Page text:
In Structural Analysis of the Synaptic Protein Neuroligin and Its b-Neurexin Complex:
Determinants for Folding and Cell Adhesion Pascale Marchot and Igor P. Fabrichny, Institut Fédératif de Recherche-Jean Roche, Université de la Mediterranée; Philippe Leone, Gerlind Sulzenbacher and Yves Bourne, Universités Aix-Marseille; and Davide Comoletti and Meghan T. Miller, UCSD Department of Pharmacology, Skaggs School of Pharmacy and Pharmaceutical Sciences provide detailed data, charts and description of the structure of the neurologin family of proteins believed to be affected by genetic mutations and believed to be involved with autism and mental retardation.
In Atomic Structure of Proteins Altered in Autism the University of California, San Diego Health Sciences Press Release published on Newswise emphasizes that this study builds on previous studies but provides new detail:
“This goes beyond previous studies to show the individual atoms of these two proteins and how they interact,” said Palmer Taylor, Ph.D., Dean of SSPPS and the Sandra & Monroe Trout Professor of Pharmacology. “We have described the mutations found in some people with autism; and we have identified where the altered amino acids are located in the protein, and how they impact the folding and cell adhesion properties of neuroligin and neurexin.”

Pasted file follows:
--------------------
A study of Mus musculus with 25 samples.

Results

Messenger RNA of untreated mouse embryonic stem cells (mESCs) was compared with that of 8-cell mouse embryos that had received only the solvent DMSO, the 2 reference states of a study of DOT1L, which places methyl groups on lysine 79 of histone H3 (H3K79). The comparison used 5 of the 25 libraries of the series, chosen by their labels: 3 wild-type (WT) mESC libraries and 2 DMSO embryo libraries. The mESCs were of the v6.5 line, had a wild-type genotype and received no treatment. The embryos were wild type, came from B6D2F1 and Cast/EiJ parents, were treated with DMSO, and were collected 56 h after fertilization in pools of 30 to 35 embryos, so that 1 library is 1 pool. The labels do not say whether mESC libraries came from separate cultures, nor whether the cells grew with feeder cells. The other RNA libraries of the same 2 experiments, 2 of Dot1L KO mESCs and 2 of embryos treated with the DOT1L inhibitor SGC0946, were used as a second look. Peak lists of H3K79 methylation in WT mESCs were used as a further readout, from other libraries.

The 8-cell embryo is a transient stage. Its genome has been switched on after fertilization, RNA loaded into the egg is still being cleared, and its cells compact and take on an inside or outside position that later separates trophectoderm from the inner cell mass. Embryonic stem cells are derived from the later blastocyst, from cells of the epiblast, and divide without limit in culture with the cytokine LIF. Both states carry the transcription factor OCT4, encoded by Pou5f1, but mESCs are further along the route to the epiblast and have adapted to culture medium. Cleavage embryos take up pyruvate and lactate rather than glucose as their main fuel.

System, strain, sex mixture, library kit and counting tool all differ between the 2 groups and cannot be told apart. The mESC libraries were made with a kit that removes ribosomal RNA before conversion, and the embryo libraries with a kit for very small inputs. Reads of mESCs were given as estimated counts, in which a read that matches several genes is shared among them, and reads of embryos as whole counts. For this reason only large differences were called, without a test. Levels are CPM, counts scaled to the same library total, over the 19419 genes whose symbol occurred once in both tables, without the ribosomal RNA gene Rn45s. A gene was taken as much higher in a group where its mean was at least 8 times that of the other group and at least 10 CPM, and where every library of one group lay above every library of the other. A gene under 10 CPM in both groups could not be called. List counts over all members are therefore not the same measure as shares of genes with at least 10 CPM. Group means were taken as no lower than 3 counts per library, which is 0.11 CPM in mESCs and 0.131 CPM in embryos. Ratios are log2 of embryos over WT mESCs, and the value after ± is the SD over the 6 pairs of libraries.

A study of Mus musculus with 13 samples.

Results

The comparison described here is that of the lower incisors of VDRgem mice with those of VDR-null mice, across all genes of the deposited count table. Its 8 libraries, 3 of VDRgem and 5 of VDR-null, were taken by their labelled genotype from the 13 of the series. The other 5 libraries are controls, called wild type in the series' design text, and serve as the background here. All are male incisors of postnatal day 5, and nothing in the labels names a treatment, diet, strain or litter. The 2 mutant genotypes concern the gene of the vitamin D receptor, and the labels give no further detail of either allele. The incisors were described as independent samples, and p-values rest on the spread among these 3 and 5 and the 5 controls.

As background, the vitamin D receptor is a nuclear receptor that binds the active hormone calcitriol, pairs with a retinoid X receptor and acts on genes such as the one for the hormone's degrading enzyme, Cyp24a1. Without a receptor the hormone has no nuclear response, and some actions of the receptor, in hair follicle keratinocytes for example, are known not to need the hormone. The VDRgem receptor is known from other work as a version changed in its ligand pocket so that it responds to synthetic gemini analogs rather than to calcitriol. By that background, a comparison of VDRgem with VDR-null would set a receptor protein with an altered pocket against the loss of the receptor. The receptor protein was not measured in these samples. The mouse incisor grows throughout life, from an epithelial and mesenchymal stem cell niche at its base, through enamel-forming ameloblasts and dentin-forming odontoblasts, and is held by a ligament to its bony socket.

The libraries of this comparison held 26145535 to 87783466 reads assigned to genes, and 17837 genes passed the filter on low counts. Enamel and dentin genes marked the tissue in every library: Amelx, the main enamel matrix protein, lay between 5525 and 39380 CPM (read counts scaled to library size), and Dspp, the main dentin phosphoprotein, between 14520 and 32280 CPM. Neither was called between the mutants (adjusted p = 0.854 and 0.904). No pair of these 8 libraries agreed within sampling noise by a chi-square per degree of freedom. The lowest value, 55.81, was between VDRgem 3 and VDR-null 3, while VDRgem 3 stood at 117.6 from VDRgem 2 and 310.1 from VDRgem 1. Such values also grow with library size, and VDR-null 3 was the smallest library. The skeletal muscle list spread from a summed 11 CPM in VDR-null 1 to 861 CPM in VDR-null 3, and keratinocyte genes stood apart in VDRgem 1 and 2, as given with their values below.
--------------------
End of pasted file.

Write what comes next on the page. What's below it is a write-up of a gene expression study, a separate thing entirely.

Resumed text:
The research builds on earlier work that mapped the molecular structure of neuroligins and their partner proteins, neurexins – a protein complex involved in the junctions, or synapses, through which cells of the nervous system signal to one another. The new study, conducted with Pascale Marchot and Yves Bourne and their colleagues in Marseille, France, adds to a clearer understanding of how particular genetic mutations affect formation of this complex and contribute to the developmental abnormalities found in certain individuals with autism.
Normally, individual neuroligins interacting with specific neurexin partners are involved in synaptic adhesions, imparting ‘stickiness’ that enables them to associate and form synapses that have the capacity for neurotransmission. Incorrect partnering in these diverse protein families results when a mutant neuroligin fails to associate properly at synapses, preventing the normal transmission of brain cells.
The change in synaptic function may account for impairments in development, social interaction and communication displayed in individuals with autism spectrum disorders, according to the researchers.